Even if your brain doesn’t think you’re particularly turned on (read: you may not have fantasies about your partner mid-run), your body sure does.
For women, sexual arousal has two basic components: cognitive and physiological. The latter includes physical changes, like vaginal lubrication and swelling and nipple erection. “We have pretty strong data suggesting that [moderate to high intensity] exercise increases physiological arousal in women,” says Amelia Stanton, Ph.D., a postdoctoral fellow in the psychiatry department at Harvard Medical School in Cambridge, Massachusetts. Exercise also gets blood flowing throughout the body which can help the clitoris get more easily aroused, adds Heather Bartos, MD, an ob-gyn in Cross Roads, Texas.
For men, strength training especially boosts testosterone levels, according to a study in the European Journal of Applied Physiology and Occupational Physiology. That, in turn, can trigger arousal. In fact, for people taking antidepressants that are known to negatively affect sex drive, exercising immediately before “sex significantly improved desire,” according to research from the Kinsey Institute and University of Texas.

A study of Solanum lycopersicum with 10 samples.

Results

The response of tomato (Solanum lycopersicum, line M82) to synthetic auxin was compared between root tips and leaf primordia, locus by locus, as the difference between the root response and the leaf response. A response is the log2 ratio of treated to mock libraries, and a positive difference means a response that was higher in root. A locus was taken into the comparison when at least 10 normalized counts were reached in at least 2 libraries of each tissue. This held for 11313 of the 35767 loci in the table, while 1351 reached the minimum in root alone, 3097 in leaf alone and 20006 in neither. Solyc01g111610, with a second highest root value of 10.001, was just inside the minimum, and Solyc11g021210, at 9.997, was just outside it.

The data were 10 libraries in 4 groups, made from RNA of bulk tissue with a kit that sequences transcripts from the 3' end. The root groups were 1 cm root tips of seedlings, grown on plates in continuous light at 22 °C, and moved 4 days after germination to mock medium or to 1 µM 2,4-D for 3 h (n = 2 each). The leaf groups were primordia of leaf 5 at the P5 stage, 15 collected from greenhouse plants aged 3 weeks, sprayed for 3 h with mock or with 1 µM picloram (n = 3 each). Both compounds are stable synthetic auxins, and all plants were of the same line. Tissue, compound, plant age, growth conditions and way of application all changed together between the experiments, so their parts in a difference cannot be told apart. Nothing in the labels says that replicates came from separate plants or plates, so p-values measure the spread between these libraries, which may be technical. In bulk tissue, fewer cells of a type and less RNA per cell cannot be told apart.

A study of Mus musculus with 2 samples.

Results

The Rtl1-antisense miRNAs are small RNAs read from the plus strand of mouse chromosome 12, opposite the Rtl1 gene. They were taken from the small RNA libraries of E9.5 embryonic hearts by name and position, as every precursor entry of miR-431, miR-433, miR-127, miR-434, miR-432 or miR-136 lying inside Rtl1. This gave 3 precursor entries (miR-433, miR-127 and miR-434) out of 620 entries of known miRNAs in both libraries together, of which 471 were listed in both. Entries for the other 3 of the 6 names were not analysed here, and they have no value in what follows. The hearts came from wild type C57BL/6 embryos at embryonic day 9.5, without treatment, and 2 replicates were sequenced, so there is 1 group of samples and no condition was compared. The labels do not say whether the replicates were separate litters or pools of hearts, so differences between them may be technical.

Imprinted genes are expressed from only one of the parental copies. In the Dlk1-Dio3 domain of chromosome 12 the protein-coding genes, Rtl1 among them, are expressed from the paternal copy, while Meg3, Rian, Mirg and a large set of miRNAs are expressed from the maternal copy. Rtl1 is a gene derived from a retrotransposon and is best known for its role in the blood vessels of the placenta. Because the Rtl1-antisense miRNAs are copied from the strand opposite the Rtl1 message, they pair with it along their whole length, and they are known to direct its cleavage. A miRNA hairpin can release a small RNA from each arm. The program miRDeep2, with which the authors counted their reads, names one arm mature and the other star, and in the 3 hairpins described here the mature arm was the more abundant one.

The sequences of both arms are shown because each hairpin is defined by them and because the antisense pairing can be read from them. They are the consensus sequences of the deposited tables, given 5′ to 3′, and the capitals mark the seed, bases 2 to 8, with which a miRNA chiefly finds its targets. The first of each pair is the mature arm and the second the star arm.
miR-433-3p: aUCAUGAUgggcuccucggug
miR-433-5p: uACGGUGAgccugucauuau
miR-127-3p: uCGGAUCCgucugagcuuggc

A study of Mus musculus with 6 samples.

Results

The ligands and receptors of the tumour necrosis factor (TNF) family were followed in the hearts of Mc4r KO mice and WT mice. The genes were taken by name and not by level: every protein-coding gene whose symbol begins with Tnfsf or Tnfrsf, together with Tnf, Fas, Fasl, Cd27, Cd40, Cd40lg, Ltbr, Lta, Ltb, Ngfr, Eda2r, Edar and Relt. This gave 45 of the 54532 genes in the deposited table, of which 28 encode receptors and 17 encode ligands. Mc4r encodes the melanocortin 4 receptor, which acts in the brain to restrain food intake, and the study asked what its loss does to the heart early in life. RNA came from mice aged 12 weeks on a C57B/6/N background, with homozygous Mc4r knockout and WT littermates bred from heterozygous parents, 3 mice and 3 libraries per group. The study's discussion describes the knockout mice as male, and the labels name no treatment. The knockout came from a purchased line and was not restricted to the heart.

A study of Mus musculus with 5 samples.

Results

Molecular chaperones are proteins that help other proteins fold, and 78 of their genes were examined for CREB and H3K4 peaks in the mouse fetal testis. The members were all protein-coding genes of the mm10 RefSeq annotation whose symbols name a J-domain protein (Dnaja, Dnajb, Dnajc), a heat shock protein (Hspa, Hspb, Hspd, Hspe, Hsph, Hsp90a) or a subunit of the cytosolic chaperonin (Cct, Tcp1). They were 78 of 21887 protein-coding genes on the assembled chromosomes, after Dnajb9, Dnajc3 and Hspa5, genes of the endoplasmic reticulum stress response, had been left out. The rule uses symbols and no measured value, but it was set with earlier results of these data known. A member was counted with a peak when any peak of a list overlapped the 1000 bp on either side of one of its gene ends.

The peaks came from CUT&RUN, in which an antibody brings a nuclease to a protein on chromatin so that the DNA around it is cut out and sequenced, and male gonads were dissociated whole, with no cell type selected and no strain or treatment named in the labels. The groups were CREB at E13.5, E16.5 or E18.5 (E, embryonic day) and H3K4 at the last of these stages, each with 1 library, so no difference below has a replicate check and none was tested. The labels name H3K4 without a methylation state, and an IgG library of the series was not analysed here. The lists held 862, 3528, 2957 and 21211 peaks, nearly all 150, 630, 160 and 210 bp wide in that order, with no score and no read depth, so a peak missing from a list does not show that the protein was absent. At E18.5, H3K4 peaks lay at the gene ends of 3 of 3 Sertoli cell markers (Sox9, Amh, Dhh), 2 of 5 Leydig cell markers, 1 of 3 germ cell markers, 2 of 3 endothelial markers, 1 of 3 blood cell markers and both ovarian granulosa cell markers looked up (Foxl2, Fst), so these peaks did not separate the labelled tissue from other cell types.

As explained, exercise increases circulation throughout the body, and circulation is paramount for orgasm. "For both men and women, this may equate to a possible better orgasm," says Danielle DonDiego, OD, a physician based in Atlanta, Georgia. "The body is already warm and not stagnant, which helps as well."
Women who exercise feel better about their bodies, even after just one workout, according to a study from the University of British Columbia. That increased feeling of self-confidence lasted about 20 minutes.
And the same holds true for men. Fitness levels significantly improve perception of sexual performance and desirability, according to a study from the University of Arkansas. And men who exercised six or seven days per week reported their sexual desirability as “above average” or “much above average.”
Being stressed inhibits your body's natural arousal. The fix: a good workout lowers stress hormones like cortisol so you can relax and enjoy the moment, according to research in the Journal of Sexual Medicine.